Production, profitability now driven by grain costs and exports, says Tyson COO
Ethanol has contributed to high feed costs
Jim Lochner, chief operating officer of Tyson Foods Inc., has said a new paradigm exists in the supply and demand fundamentals in U.S. protein production: grain costs and exports are replacing domestic demand as chief drivers of profitability and production.
This shift in input costs began in the mid 2000s, which coincides with the U.S. government's mandate that a portion of the nation's gasoline be mixed with ethanol at a level of 10%. Ethanol in the U.S. is made primarily from corn, which is also a primary ingredient in livestock feed. Today, about 40% of the U.S. corn crop is used in ethanol production.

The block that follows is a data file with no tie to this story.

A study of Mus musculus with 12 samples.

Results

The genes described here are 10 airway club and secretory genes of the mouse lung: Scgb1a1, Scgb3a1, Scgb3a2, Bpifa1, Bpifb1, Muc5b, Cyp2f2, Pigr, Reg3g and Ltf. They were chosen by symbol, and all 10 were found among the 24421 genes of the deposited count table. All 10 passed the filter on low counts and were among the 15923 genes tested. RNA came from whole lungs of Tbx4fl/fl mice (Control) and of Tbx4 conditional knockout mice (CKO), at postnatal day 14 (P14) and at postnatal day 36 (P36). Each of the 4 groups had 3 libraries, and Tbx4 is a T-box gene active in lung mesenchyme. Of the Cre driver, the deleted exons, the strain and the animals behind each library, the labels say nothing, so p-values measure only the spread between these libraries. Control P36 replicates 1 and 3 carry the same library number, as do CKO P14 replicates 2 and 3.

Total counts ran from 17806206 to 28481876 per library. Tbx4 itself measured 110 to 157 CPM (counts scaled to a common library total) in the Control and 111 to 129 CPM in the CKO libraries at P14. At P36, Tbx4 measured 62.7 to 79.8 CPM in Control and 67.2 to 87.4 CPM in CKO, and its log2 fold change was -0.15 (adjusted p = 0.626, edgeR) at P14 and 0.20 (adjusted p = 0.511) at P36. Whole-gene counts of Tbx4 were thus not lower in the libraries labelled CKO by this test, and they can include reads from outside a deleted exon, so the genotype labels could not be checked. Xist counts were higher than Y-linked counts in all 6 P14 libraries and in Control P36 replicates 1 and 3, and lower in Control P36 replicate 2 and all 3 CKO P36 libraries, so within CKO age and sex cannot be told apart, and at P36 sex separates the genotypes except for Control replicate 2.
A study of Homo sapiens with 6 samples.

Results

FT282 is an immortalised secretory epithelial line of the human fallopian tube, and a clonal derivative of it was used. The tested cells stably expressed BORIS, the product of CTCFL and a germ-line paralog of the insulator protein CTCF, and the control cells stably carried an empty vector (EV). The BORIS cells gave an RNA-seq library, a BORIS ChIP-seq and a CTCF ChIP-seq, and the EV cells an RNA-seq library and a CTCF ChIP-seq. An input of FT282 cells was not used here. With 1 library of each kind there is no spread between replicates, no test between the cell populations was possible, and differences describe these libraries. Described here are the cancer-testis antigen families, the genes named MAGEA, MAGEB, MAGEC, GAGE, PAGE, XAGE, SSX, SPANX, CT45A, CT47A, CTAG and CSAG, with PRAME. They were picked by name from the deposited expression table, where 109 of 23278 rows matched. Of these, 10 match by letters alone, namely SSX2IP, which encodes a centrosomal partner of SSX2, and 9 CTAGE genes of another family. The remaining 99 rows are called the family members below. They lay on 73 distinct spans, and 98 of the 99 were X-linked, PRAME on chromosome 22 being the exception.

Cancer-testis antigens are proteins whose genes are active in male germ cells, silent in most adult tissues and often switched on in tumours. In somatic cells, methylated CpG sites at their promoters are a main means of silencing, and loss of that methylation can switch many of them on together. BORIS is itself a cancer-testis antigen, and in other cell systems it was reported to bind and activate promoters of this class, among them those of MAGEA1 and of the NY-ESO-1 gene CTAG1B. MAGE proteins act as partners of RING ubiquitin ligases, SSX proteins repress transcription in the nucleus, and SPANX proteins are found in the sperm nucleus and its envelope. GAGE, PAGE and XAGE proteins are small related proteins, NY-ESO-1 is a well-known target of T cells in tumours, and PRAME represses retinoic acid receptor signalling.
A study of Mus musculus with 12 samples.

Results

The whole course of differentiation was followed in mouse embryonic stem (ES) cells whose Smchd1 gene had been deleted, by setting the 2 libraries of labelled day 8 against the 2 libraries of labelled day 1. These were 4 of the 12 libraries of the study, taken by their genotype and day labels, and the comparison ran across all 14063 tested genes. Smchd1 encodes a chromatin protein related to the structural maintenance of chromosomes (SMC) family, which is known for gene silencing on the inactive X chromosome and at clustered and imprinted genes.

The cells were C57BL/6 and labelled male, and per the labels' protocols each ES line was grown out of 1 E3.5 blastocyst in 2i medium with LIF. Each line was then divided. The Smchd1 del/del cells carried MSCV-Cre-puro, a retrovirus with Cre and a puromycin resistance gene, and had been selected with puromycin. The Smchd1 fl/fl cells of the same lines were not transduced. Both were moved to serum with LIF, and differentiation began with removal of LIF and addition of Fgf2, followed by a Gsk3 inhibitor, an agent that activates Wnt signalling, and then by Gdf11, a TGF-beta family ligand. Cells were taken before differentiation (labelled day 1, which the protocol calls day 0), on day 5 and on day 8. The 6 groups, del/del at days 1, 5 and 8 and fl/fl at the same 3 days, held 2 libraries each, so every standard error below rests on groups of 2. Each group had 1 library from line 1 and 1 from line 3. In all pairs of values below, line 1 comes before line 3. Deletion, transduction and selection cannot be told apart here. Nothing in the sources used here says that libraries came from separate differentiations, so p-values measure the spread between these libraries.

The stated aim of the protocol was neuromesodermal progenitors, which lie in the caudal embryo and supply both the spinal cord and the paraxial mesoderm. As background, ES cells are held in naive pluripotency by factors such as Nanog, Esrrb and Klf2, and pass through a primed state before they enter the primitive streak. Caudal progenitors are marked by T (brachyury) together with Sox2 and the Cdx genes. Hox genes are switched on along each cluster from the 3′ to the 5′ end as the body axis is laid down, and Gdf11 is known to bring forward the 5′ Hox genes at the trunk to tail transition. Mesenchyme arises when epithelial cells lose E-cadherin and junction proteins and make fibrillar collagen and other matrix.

This new demand has contributed to high corn prices for producers. High input costs, along with increasing global demand for protein, have reduced the amount of meat and poultry available, according to Lochner. "Total production of major proteins appears to be about flat versus last year, but with extremely strong exports, it's likely there will be even less meat and poultry per capita," he said.
According to Lochner, Tyson is dealing with this paradigm shift by focusing on customer service, innovation and insight-driven food solutions; optimizing commodity businesses and driving out inefficiencies; focusing on multinational expansion, particularly in Mexico, China, Brazil and India; and upgrading raw material through initiatives like renewable energy from animal fat and other technologically advanced platforms.